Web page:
The Zeugma Mosaics


Postby Cleopatra Aelia on Thu Oct 27, 2005 8:05 pm

Avete amici,

On my flight from Hamburg to Istanbul I browsed thru the airline magazine of Turkish Airlines and found this very interesting article about the mosaics unearthed at Zeugma in South East Anatolia. Unfortunately that wasn’t covered by my itinerary. Anyhow, here’s now my summary of that article:

Zeugma in Commagene used to be one of the largest cities in antiquity. It was founded in the 4th/3rd century BCE by Seleucus Nicator I, on e of Alexander the Great’s generals, and was at one of the easiest fording places on the Euphrates. The name “Zeugma” actually means “bridgehead” or “crossing place”. It grew and developed during the post-Hellenic period. Under Roman rule one legion was stationed there, the Legio IV (or IIII) Scythica. 70,000 people lived there and the wealthy built villae on the banks of the river with a perfect view of the sunset. But Rome’s power waned in the 3rd century and Zeugma was attacked by the Sassanian King Shapour I. Later it was completely destroyed by a powerful earthquake.

The rich built pools laid out with mosaics depicting Poseidon, Oceanus, Thetys and the river gods. Other mosaics depicted Venus/Aphrodite rising from a sea-shell; the Trojan heroes Archilles, and Hector; Bacchus/Dionysos returning from India with Nike the goddess of victory. One mosaic shows “women at breakfast” by the ancient dramatist Menander, against a stage-set background, which bears the signature of the artist Zosimus. The most interesting one is that of a Maenad (dancing girl) whose smoldering eyes remind of those of Mona Lisa.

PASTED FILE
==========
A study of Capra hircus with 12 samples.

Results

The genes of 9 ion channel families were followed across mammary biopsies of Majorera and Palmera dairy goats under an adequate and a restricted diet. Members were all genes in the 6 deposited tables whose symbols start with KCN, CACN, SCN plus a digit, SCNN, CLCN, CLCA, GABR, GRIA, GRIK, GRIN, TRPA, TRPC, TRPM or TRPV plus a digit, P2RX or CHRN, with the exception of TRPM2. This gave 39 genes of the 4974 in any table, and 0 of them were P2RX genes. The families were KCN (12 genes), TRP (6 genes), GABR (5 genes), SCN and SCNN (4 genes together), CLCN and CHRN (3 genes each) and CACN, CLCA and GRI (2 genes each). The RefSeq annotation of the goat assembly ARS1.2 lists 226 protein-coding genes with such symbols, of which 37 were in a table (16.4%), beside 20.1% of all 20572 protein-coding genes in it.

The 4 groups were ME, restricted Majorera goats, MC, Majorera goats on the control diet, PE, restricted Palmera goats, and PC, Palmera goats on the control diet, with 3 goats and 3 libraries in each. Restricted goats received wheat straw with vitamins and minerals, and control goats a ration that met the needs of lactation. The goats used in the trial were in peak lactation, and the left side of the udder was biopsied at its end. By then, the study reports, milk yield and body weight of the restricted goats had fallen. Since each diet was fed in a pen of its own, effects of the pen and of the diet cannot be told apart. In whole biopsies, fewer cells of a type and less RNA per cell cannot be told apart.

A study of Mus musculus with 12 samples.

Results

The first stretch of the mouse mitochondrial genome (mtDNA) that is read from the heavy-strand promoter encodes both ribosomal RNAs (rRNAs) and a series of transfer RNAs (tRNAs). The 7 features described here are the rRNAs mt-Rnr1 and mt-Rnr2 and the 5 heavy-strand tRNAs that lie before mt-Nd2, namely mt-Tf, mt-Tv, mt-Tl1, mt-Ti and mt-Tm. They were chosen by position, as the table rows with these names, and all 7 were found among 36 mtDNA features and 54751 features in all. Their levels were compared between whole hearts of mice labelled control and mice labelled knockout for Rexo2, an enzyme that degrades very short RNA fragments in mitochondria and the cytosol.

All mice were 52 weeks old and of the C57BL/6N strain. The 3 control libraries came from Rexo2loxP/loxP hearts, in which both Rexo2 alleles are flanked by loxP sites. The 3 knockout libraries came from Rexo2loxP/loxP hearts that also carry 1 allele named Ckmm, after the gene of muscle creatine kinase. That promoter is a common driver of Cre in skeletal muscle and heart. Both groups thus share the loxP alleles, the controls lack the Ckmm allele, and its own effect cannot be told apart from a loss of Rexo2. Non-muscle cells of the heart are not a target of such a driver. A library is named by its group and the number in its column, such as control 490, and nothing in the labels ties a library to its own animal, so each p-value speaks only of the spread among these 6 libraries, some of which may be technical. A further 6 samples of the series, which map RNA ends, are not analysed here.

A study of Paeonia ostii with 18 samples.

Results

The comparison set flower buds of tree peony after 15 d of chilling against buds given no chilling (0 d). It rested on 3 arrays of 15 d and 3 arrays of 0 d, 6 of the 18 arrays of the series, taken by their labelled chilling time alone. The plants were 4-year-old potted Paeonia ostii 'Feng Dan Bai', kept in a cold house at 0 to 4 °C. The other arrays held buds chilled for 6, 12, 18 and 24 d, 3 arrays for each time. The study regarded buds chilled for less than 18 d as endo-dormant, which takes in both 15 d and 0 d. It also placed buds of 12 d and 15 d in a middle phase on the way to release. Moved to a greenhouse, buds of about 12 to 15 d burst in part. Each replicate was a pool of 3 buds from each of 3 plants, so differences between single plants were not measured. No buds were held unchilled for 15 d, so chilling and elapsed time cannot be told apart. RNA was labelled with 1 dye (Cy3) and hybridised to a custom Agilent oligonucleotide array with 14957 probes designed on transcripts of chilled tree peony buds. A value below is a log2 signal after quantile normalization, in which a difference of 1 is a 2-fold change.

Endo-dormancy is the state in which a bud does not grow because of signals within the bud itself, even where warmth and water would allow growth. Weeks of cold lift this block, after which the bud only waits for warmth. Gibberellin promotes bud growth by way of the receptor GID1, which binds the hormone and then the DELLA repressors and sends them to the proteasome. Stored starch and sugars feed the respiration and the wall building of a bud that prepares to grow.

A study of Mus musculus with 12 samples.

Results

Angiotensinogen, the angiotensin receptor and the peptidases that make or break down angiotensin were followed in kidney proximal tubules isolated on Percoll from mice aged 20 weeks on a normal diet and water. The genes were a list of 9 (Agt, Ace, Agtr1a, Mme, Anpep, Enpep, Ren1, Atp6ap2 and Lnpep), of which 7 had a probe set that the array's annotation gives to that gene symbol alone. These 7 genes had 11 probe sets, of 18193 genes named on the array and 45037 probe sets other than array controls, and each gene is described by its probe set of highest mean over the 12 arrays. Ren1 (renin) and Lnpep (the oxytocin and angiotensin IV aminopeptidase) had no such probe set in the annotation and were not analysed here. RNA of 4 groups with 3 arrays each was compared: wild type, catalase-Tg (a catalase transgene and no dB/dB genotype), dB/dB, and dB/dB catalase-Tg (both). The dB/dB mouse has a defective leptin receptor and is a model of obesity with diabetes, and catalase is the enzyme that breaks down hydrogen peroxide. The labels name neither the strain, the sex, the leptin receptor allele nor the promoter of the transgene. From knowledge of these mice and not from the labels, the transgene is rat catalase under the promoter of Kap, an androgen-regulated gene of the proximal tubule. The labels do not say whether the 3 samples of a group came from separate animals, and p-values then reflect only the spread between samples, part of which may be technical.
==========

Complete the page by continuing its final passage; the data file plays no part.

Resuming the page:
The Zeugma mosaics are unmatched in the world. The masters of Zeugma used very small tesserae, e.g. 400 to reflect the emotion in a human face. Usually four or five colors were used for mosaics, at Zeugma it was 12 to 13 colors. Also various shades of color added further to the depth of the images.

So far 850 square meters out of 1500 square meters have been unearthed so far. 550 square meters are on display at the newly built Gaziantep Museum. Also you could see there 120 square meters of a 150 square meter mural. The museum also exhibits the 1.55 meter tall bronze statue of Mars as well as other important findings which illustrate the economy and modes of communication of that period, e.g. the “bulls”, seals imprinted in clay for enclosing documents prior to dispatch.

Postby Cleopatra Aelia on Thu Oct 27, 2005 8:13 pm


Mille grazie Cleopatra

I don't think I had seen those sites before. Some others though

http://www.zeugmaweb.com/zeugma/english/engindex.htm
http://www.ist.lu/zeugma/
http://www.pbs.org/wgbh/nova/zeugma/

If you did not make it to Zeugma did you happen to make it to Antioch? There was an exhibition of Antioch's mosaics that passed through here some years ago

Vale optime

Salve Piscine,

Thanks for adding some more nice links to this thread.

I made it "only" to Selcuk (Ephesos), Dalyan (Kaunos) and Antalya (Perge and Aspendos). These sites have been already very interesting. But Turkey is full of Ancient sites so it is impossible to see them all. Also I was traveling with a mate who wasn't that interested in Antiquity so I chose an itinerary which wasn't too much focused on Ancient things. But after seeing even these few places and also the temporary exhibition on gladiators at the Ephesos museum in Selcuk he got hooked onto Antiquity, too :lol:

I'm still working on a little report about this trip which I wanna turn into a web page. But that'll still take some time. Once it's online I'll let you all here at the SVR know.